Bangladesh handloom industry, a major source of earning for many rural people, is facing tough time. The handloom weavers are struggling for survival and are now forced to shift to other profession due to low wage coupled with lack of capital from the government.
According to the BHB (Bangladesh Handloom Board) data, about 0.129 million handlooms were closed down (made inactive) over the last three decades due to fund crisis, throwing over 0.10 million weavers out of employment.
Over 11 million people are employed in the handloom industry, which meets nearly 50 per cent of the country's fabric requirement.
The weavers are withdrawing from traditional handlooms due to a lack of necessary capital. The picture of the handloom industry is the same in every part of the country.
Value addition by the handloom sector stands at Tk 10 billion. It meets over 40 percent of domestic textile requirement, accounting for 63 percent of textile production. The handloom industry meets the common people's requirements for saris, lungis, bed sheets and the like.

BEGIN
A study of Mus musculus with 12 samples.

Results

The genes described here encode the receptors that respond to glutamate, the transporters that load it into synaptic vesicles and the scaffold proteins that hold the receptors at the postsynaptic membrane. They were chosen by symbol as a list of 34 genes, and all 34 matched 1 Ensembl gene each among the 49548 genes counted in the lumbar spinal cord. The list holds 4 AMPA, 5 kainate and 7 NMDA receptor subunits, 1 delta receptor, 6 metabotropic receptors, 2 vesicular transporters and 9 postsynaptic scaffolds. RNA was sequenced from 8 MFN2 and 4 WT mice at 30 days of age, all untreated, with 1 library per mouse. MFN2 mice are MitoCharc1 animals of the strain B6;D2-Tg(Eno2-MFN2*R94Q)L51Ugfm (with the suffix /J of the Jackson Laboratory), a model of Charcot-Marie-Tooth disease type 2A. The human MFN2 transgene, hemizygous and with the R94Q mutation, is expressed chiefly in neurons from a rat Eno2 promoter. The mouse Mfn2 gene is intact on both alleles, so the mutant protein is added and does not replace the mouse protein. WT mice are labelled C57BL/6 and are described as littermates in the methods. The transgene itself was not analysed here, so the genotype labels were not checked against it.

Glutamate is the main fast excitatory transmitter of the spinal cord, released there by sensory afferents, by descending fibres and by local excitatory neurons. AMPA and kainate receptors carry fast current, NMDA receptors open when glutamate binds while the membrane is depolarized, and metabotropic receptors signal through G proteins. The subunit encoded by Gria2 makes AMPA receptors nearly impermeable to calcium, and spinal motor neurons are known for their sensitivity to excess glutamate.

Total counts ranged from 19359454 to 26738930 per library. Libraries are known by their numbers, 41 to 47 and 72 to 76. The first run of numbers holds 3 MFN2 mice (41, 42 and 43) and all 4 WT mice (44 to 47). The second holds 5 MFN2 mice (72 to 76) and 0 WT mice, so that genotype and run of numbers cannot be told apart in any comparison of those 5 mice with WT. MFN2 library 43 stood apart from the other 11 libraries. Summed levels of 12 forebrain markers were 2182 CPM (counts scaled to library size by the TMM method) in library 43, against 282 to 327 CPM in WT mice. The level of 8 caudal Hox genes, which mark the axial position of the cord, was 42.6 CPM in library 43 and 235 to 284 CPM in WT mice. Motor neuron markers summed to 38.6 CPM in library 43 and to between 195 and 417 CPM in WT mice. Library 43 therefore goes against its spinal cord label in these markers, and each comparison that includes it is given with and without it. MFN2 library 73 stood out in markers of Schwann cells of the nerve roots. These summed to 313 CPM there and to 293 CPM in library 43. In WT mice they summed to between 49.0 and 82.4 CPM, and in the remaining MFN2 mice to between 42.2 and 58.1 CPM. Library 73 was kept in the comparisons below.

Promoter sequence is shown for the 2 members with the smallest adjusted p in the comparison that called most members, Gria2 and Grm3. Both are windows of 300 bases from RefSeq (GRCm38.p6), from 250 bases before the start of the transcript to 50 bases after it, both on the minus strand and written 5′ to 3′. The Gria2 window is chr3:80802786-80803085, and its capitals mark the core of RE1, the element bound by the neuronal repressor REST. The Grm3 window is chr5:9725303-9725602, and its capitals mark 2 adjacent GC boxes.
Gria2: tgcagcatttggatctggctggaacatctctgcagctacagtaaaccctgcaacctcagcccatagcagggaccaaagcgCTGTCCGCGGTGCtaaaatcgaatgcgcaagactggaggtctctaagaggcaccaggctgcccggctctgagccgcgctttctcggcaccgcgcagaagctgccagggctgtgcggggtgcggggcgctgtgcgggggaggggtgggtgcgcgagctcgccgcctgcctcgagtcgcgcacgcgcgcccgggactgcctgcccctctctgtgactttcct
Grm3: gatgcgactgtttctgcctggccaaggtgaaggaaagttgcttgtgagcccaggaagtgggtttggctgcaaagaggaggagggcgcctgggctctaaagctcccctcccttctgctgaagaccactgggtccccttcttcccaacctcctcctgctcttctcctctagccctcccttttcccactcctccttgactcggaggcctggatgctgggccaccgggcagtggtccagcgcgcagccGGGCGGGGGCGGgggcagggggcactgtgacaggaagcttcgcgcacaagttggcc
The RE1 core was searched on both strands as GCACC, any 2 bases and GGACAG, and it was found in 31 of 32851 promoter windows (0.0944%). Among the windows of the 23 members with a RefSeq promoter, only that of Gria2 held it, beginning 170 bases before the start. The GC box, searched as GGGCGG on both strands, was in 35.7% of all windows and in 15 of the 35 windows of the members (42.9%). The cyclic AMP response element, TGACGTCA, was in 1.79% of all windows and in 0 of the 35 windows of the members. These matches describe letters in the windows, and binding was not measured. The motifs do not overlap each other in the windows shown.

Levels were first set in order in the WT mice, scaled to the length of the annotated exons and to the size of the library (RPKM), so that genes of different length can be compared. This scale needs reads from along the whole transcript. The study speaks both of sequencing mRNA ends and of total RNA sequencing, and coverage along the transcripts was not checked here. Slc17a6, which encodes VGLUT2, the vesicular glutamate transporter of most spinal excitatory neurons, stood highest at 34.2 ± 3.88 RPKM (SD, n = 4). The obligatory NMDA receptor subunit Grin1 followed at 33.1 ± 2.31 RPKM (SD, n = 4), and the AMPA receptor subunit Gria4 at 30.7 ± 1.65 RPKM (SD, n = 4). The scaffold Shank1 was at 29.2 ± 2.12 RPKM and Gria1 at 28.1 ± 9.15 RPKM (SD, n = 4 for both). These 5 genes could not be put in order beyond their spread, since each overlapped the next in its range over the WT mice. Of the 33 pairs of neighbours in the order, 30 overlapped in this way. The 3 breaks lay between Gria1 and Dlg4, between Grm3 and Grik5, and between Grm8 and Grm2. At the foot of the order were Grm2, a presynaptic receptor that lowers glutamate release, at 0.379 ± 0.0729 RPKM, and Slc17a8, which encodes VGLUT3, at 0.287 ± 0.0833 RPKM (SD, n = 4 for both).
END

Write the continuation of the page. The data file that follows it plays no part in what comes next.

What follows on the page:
Lack of capital is one of the key reasons behind closing down of a significant number of handlooms in the country, said Marfat Ali, an inactive handloom owner of Delduar upazila under Tangail district. He will be able to start his inactive handloom again if the government provides fund support .
Presently, the major problem of the industry is that the weavers do not get adequate wages for their labour. A senior weaver earns about Tk 2,600 to Tk 3,500 per month. Junior weavers get much less, around Tk 1,500 to Tk 2,000. As a result many weavers do not want their children to come to this profession.
Moreover, replacement of the labour-intensive handloom factories by mechanised power looms has created a serious problem of unemployment in handloom sector of the country. Illegal marketing of different fabrics is also responsible for the decline of Bangladesh's traditional handloom industry.
The BHB disbursed Tk 597 million for 52,508 handlooms until January last.
There are over 0.5 million handlooms in the country according to the handloom census of 2003. Of the amount, some 0.129 million are outmoded till date.
General Manager of BHB Hafiz Uddin said that they are trying their best to revive the country's handloom industry. They started over 50,000 inactive handlooms through microcredit programme again. The programme is going on. The government will take new steps to develop the sector.
BHB provides microcredit to the weavers according to government directive.